Dave Chappelle’s recent list of demands for speaking with Netflix employees are looking even worse after his Thursday night show in New Orleans. In the process of making those demands last week, he took a swing at Hannah Gadsby (who criticized his “emotionally stunted partial world view”), and he praised Netflix CEO Ted Sarandos for being “the only one that didn’t cancel me yet.” Chappelle appeared to be very upset at the backlash over his latest Netflix special, The Closer, in which he declared himself “Team TERF” and in agreement with J.K. Rowling’s statements about gender. Also, a recent interview from a Netflix walkout organizer expressed disappointment for how Dave’s “mocking us” with his demands.
The mocking appeared to continue during Chappelle’s sold-out Thursday night set, as reported by NOLA.com‘s Keith Spera. The show took place at New Orleans’ Smoothie King Center with Joe Rogan, who performed before Chappelle while insisting that (of his own remarks, “These are just jokes. They’re not even my real opinions”). Chappelle, who has complained that he’s been cancelled from film festivals (where he was booked for his upcoming documentary) remarked onstage that he’s endured “the worst three weeks of my life.” He doesn’t appear to regret his remarks about trans people during The Closer (and previous specials, including Sticks and Stones), however, because he told even more trans jokes during the set:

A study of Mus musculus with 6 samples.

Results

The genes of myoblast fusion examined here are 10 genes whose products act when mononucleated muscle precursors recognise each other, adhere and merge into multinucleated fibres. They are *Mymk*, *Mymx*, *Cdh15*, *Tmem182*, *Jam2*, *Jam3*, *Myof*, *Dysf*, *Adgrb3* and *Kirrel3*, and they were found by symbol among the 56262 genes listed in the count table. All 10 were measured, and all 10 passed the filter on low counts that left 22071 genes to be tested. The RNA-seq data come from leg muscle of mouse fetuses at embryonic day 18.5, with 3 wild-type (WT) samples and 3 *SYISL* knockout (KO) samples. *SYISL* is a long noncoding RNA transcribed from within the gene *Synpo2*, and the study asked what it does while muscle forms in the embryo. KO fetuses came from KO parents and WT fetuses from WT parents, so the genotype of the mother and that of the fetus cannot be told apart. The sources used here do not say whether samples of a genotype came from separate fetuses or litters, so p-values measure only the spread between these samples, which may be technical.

When an audience member offered a cup of beer, Chappelle declined out of fear it might contain “transgender formula.”
His revelation that one of his two well-dressed bodyguards previously played for the Dallas Cowboys was met with a chorus of boos. “Travis, hear that?” he retorted. “Sounds like someone’s team loses a lot.”
When the audience objected further, he quipped, “Don’t go all trans on me.”
Why, someone had asked him, did he need bodyguards? “Because these transgenders are trying to kill me!”
From there, Dave remarked upon how his wife had given him a pistol, “which, he complained, was not the manliest of weapons” due to its “pearl-handled, nickel-plated” design. And he referred to Louis C.K. as “my friend” who called him “a master baiter,” which was a reference not only to Louis C.K.’s own downfall but to an upcoming article about Chappelle that refers to him as “Cancel Bait.” Well, Chappelle’s audience hasn’t cancelled him and was there for him on Thursday night. The show was sold out and possibly the largest crowd ever to grace the Smoothie King Center, according to NOLA.com.
Meanwhile, Netflix has yet to comment upon Dave’s list of demands to speak with Netflix’s trans employees, who — it must be mentioned — haven’t expressed any interest in sitting down with him. Ted Sarandos previously claimed that “content on screen doesn’t directly translate to real-world harm” before Netflix issued an apologetic statement while also expressing support for the employee walkout.